Construct a semilogarithmic plot

  • #1
davelandsman

1.Construct a semilogarithmic plot for Si doped with 2X10^15 donors/cm3 and having 4x10^14 EHP/cm^3 created uniformly at t=0. assume that tn = tp = 5us.

2.calcualte the recombination coefficient alphar for the low-level ecitation described in problem 1. assume that this value of alphar applied when the GaAs sample isuniformly exposed to a steady state optical generation rate gop = 10^19 EHP/cm^3-s. find the stead state excess carrier concentration.

3. For a 2cm long doped Si bar with a cross sectional area = 0.05 cm^2. what is the current ifwe apply 10V across it? if we generate 10^20 electron-hole pairs per second per cm^3 uniformaly in the bar and the lifetime tn = tp = 10^-4s, what is the new current? assume the low-level alphar doesn't change for high-level injection. if the voltage is then increased to 100,000V, what is the new current? Assume up=500cm^2/Vs, but you must choose the appropriate value for electrons.

4. A 100 mW laser beam with wavelength = 6328 is focused onto a GaAs sample 100um thick. the absorption coefficient at this ewavelength is 2X10^4 cm^-1. find the number of photons emitted per second by radiative recombination in the GaAs, assuming perfect quantum efficiency. what power is delivered to the sample as heat?

Thank you.
 
Thank you for your help. I have another question about a Si sample that is uniformly optically excited at room temp.:
A Si sample with 10^15/cm^3 donors is uniformly optically excited at room temperature such that 10^19/cm^3 electron-hole pairs are generated per second. Find the separation of the quasi-Fermi levels and the change of conductivity upon shining the light. Electron and hole lifetimes are both 10us. Dp = 12 cm^2/s.

Thank you.
 
  • #3
You're not supposed to just do people's homework for them. Just give a hint or a partial solution and only do that if they show their own work.
 
  • #4
I'm locking this thread. kobetsai, as Orthodontist says, the PF homework forum guidelines are pretty clear about how to help people. Please re-read them to be sure that you understand. We are here as tutors, not as homework solution machines. davelandsman, as Ortho says, you need to show your work so far when you post homework questions.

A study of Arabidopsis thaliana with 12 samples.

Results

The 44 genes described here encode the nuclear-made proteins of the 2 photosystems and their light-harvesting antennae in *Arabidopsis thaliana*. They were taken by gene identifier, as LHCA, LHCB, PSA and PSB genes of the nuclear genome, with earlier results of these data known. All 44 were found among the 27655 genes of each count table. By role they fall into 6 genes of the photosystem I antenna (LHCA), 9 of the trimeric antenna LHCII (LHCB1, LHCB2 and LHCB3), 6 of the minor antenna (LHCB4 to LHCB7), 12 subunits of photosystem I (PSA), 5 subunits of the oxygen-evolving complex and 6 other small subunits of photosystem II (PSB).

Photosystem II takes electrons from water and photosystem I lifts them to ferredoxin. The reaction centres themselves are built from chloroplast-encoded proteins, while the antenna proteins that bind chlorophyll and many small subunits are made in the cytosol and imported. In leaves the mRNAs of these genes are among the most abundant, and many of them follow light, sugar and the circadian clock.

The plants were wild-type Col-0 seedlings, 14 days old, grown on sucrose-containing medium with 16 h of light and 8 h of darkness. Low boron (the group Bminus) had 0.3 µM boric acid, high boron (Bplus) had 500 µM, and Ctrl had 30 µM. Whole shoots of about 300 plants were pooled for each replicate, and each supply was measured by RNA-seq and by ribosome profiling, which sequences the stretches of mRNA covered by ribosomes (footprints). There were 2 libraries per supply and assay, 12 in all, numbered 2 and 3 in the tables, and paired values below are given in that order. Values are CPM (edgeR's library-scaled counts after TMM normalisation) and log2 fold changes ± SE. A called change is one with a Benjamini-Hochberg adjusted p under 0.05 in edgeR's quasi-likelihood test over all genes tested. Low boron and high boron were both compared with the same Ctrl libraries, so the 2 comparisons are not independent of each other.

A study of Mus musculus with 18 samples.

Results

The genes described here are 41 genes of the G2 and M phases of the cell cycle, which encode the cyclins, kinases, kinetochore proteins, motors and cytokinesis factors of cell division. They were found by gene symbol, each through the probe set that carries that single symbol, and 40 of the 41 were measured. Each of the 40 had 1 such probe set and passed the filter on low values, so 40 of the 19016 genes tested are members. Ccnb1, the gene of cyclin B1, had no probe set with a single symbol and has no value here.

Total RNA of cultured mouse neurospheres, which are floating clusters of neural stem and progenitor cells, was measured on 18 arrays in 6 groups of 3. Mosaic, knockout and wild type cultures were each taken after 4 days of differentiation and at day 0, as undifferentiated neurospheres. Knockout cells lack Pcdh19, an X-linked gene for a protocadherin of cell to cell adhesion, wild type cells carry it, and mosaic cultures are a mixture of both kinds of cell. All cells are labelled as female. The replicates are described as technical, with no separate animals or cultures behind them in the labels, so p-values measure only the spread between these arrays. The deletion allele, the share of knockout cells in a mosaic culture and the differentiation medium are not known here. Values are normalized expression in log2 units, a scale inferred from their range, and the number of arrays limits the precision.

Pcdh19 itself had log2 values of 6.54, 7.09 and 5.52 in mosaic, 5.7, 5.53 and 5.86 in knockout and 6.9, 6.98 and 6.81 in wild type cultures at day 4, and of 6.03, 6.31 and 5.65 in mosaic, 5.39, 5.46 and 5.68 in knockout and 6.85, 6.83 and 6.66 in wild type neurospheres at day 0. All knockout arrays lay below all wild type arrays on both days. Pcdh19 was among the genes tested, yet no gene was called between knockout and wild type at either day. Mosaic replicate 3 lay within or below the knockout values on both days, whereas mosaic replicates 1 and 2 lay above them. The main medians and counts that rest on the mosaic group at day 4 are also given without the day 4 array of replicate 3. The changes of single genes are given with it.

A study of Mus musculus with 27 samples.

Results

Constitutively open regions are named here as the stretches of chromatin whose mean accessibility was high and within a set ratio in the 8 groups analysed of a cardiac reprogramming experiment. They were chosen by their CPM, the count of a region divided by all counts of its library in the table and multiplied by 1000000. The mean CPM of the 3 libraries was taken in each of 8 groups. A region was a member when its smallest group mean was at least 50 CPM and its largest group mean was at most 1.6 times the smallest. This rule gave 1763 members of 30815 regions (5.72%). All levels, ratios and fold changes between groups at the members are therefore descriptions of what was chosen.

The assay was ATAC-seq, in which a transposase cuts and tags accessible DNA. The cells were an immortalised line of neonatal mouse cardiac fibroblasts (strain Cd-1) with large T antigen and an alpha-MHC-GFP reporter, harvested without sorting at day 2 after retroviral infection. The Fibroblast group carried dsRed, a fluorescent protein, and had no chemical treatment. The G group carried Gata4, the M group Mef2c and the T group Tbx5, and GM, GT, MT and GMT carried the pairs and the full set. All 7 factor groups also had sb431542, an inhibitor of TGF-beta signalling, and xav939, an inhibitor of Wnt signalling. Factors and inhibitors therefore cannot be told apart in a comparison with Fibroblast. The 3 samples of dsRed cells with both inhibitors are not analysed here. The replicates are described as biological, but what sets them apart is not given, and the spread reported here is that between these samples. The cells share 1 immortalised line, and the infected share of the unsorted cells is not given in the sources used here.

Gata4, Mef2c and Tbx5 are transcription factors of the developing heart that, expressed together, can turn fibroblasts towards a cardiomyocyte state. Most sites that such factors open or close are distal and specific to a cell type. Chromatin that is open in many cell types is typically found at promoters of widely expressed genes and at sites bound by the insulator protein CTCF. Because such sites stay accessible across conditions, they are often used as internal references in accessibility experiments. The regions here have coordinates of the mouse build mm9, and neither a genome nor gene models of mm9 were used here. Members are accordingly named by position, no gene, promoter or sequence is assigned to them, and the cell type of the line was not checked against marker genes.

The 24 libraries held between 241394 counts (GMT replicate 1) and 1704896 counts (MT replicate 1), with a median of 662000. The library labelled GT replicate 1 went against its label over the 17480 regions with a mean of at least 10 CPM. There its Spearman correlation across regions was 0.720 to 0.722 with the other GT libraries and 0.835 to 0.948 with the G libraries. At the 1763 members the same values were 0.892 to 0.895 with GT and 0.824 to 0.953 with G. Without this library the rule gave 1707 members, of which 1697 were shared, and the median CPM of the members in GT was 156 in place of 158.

Welcome to PF to both of you. It can be a great resource when used correctly.
 
  • #5
The complete solutions have been deleted, and I reopened the thread so you can get proper help with your homework.

As berkeman stated, we offer HELP, not complete answers. Handing someone a complete solution will not help them understand the subject and learn how to do it themself. If you do not know a way to prompt them in the right direction without giving away the complete answer, please don't respond.
 

Related to Construct a semilogarithmic plot

1. What is a semilogarithmic plot?

A semilogarithmic plot is a graph that uses a logarithmic scale for one of its axes and a linear scale for the other. This allows for a large range of data to be plotted in a more compact and visually clear way.

2. How do I construct a semilogarithmic plot?

To construct a semilogarithmic plot, you will need to have data points that cover a wide range of values. Then, choose which axis will have the logarithmic scale and plot your data accordingly. Finally, label your axes and add a title to your graph.

3. What are the benefits of using a semilogarithmic plot?

A semilogarithmic plot is useful for visualizing data that covers a wide range of values, as it allows for a better understanding of the overall trend and patterns. It also helps to highlight smaller changes in data that may be overshadowed in a linear plot.

4. When should I use a semilogarithmic plot?

A semilogarithmic plot is typically used when the data being plotted has a large range of values, or when the data follows an exponential or power law relationship. It can also be used to show the growth or decay of a quantity over time.

5. Can I create a semilogarithmic plot using software?

Yes, there are many software programs that allow you to easily create semilogarithmic plots, such as Microsoft Excel, MATLAB, and Python. These programs have built-in functions for creating logarithmic axes and plotting data accordingly.